Wi-Fi is Better Than Chocolate? National Survey of Entrepreneurs Says Yes
Published on: 13th May 2014
A survey of entrepreneurs and small business IT decision makers conducted by Bredin Research and sponsored by Comcast Business found that offering free Wi Fi works better at keeping customers happy than common "waiting area" conveniences such as sweets, water or magazines.
Respondents who indicated that they do not currently offer Wi-Fi also understand the benefits of offering the service in their location, and overwhelmingly their intention is to offer it in the near future.
Those that do not plan on offering it - predominantly those that have been in business for 20 or more years - cite concerns over tech support, employee distraction and cost.
"Main Street businesses and entrepreneurs of all types recognize that wireless Internet access is a must for their patrons, and that providing free Wi-Fi can give them a competitive edge," said Bill Stemper, president, Comcast Business. "More and more, we are seeing that if a business provides Wi-Fi now to its employees for business purposes, extending access to its customers is a logical next step that is a way to keep them coming back in the future. Given the challenges that small businesses face in today's uncertain economy, we are encouraged that technologies like Wi-Fi will help sustain growth."
The key survey findings are:
- Wi-Fi is better than candy. Main Street business owners say Wi-Fi is equally or more effective at making patrons feel welcome than other amenities such as magazines (94%), community bulletin boards (91%), candy (90%) or water (86%).
- Wi-Fi helps draw customers. Nearly eight in 10 businesses offering Wi-Fi (79%) say it helps keep customers happy while they wait. 65% report it has encouraged repeat business, and 55% say it has brought in new customers.
- Wi-Fi helps sales. More than half (55%) of businesses providing Wi-Fi believe it has resulted in higher sales per customer visit.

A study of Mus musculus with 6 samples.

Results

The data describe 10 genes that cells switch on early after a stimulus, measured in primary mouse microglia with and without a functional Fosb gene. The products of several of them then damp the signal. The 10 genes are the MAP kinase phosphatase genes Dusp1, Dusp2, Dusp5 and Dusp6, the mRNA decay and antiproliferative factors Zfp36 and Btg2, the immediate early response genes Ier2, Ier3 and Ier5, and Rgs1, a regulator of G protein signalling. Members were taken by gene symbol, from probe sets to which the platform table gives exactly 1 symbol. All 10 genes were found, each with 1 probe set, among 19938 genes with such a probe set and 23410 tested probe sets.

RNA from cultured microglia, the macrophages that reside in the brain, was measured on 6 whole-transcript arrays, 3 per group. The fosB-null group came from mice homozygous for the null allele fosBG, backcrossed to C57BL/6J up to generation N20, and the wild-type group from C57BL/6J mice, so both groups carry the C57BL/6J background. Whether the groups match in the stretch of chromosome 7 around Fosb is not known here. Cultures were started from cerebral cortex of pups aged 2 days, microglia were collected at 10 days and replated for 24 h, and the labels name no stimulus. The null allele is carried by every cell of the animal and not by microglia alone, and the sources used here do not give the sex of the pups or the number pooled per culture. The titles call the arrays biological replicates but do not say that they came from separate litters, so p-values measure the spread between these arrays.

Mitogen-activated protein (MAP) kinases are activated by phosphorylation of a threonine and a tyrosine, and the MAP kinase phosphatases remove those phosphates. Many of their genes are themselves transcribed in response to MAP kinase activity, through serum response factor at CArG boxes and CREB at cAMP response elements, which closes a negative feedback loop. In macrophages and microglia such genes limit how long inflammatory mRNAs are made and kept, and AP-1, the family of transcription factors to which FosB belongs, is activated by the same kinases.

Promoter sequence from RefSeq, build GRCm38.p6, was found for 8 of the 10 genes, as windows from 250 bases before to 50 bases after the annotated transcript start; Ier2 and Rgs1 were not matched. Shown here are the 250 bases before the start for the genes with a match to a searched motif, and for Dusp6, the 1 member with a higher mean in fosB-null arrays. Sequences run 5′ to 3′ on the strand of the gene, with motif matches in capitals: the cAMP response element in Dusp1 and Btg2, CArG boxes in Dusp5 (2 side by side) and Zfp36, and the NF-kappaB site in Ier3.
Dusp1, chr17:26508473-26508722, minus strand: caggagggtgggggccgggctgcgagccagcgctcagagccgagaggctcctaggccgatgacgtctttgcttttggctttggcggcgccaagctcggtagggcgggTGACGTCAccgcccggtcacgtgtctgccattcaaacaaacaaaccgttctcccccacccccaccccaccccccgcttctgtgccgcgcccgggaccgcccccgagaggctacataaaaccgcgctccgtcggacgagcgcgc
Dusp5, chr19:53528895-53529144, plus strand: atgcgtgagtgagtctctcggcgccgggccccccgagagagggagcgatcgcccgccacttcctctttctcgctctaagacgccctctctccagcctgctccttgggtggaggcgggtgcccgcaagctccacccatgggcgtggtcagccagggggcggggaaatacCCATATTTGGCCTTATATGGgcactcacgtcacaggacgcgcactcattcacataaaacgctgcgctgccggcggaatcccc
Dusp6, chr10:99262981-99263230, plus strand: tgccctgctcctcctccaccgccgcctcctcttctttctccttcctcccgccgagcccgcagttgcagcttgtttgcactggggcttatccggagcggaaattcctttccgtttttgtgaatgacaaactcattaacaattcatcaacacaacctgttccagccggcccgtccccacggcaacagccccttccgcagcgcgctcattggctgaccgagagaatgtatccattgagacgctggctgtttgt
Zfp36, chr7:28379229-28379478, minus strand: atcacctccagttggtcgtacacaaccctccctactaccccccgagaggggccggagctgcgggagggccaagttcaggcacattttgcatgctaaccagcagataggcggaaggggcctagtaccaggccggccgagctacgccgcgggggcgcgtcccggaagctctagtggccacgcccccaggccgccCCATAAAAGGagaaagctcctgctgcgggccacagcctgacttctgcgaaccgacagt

- Promoting Wi-Fi is key. Those businesses that expected increased revenues in 2013 are more likely to promote the Wi-Fi they offer (64% vs. 38% of businesses that expected decreased revenues). In turn, customers are more likely to promote these businesses through their social media channels.
- Non-users have concerns. Fears of tech support (33%), employee distraction (33%) and costs (32%) are reasons cited for not offering Wi-Fi to patrons.
- Non-users see advantages. Many respondents recognize the benefits of offering Wi-Fi, including raising their company profile (41%) and keeping up with the competition (38%). Of those Main Street businesses that currently don't offer Wi-Fi to patrons, 61% plan to offer it soon or would consider providing it.
- Wi-Fi builds connections. Nearly 20% of the business owners surveyed promote themselves as "community hubs," such as a meeting place for church groups, sports clubs or other community groups.
- Businesses with Wi-Fi expect growth. 67% of businesses that offer Wi-Fi to their customers expect revenue growth. Of the businesses that don't offer Wi-Fi, only 50% expect growth.
- Businesses with Wi-Fi boost productivity. Separate from offering Wi-Fi to patrons, respondents' employees use Wi-Fi for business purposes such as accessing corporate resources (49%), tracking inventory (36%) and holding conferences with business partners and customers (35%). 93% of these businesses believe that Wi-Fi enhances productivity. Companies with growing revenue were more likely than non-growing companies to use Wi-Fi as a customer amenity.
The Small Business Wi-Fi Survey was conducted online among a representative sample of 602 principals and IT decision makers at companies with 1 to 100 employees in the United States between Dec. 18 and Dec. 31, 2013. The survey has a margin of error of +/-4 percentage points at the 95% level of confidence.